We are grateful to Paul Brown, former NPR News morning anchor and old-time musician, for sharing about his special bond with Ralph Epperson.
Through his example of running a station devoted to reflecting the community’s life back upon itself, Ralph helped me understand the positive power of media. WPAQ affirmed its community’s life, values, and art, and thereby strengthened the community it reflected. That understanding prompted me to continue with radio and guided my entire career. Also Ralph, simply through his example, was constantly asking the question of others, “What are you doing to help make our world better?” Through what he was doing, he reminded me every day of what I came to consider an obligation to try to improve the lives and potential of those around me. I’m sure I fall short as frequently as I succeed in that, but I suppose the effort counts for something at least.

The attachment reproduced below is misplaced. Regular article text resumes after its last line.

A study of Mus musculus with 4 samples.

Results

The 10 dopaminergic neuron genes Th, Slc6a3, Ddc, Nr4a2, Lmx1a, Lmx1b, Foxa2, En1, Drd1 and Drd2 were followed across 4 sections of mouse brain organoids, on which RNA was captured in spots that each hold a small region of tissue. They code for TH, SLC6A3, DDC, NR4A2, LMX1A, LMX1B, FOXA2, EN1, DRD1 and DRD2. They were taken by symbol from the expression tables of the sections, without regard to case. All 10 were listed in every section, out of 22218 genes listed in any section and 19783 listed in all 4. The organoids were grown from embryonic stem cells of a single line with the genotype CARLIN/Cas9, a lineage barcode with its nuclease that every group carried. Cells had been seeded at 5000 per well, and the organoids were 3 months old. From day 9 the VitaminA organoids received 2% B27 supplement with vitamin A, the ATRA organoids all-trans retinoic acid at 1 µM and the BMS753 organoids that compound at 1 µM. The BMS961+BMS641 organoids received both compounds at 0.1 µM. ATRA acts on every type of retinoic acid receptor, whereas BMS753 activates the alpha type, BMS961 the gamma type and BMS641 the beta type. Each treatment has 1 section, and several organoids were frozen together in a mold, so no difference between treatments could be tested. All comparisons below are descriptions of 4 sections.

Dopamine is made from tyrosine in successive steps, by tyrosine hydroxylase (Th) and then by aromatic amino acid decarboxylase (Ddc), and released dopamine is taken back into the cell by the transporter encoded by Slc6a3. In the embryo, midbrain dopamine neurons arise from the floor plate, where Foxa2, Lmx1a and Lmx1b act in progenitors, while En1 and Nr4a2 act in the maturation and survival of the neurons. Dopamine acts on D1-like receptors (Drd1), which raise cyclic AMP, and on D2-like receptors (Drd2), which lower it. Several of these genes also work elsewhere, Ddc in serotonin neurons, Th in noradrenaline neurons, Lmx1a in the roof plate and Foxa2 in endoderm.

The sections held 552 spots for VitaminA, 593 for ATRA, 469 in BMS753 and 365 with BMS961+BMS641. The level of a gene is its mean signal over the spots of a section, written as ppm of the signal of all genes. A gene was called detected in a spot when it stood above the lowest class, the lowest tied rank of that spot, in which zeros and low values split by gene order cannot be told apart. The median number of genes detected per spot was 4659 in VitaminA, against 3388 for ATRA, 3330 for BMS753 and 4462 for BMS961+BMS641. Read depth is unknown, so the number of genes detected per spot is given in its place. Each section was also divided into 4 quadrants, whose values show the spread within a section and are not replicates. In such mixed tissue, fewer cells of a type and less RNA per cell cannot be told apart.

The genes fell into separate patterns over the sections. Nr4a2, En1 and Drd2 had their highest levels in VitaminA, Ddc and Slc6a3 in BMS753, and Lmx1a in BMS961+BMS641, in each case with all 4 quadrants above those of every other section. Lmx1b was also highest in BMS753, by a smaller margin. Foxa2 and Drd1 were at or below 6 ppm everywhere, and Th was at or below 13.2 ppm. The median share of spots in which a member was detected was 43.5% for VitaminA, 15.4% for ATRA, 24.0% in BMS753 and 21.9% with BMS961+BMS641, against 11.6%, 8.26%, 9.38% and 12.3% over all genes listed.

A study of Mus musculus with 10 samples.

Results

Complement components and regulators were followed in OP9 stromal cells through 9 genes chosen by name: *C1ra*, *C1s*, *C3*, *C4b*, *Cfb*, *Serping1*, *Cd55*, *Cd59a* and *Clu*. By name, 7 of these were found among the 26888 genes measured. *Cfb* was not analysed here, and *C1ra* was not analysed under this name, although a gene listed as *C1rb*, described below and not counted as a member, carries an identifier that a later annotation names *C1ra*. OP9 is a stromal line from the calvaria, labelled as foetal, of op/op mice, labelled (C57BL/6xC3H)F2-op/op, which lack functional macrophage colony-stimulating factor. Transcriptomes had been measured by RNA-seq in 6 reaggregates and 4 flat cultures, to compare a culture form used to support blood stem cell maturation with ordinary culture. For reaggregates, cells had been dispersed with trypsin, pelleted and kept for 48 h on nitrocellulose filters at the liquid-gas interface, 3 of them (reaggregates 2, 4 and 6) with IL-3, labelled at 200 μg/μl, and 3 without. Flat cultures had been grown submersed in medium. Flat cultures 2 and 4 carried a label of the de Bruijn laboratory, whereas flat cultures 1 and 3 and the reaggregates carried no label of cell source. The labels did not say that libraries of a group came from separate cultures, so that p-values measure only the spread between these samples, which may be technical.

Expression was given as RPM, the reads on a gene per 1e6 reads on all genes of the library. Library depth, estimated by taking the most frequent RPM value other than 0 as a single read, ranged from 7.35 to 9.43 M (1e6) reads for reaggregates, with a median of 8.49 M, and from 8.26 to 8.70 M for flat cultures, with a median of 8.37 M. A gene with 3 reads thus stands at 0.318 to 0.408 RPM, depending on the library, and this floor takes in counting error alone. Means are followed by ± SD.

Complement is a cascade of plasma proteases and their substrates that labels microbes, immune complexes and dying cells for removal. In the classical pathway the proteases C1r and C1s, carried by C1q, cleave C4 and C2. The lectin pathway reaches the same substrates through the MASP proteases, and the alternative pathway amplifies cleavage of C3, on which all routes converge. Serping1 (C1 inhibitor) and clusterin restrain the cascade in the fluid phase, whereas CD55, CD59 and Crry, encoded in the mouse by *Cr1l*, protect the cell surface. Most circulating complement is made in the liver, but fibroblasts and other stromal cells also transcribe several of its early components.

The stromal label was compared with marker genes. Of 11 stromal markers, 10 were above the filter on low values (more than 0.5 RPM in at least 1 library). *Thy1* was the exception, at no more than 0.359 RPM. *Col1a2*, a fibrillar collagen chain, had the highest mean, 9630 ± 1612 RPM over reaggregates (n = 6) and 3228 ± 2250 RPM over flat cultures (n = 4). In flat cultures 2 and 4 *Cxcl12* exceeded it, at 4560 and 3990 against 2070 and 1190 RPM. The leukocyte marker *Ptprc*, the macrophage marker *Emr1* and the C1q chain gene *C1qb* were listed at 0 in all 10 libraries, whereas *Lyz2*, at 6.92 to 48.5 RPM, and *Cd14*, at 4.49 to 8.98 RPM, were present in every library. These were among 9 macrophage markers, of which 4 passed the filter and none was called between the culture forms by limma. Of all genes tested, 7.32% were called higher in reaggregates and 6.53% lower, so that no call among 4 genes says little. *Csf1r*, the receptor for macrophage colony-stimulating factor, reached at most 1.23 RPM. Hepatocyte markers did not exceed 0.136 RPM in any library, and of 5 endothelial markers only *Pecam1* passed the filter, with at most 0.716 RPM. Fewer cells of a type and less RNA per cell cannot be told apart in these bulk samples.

Photo by Paul Friedman
My friend Rhonda Vincent is the “Queen of Bluegrass”. She sang in her family band when she was a little girl in Missouri. She always dreamed of singing and playing bluegrass music and sharing it with the world.
I first met Rhonda Vincent at the IBMA for my birthday in 2004. I really like Rhonda and her drive with the mandolin. She really makes me feel special when we talk. I feel like one of the guys in the band.
You can have a dream like Rhonda and Ralph and me.
I first met Ralph Epperson at WPAQ in 1995. He told me he worked really hard to build the station so he could put it on the air on February 2, 1948. I remember him telling me that WPAQ was his dream. I will not forget what he said to me. Broadcast: A Man and His Dream is my tribute to Ralph and WPAQ.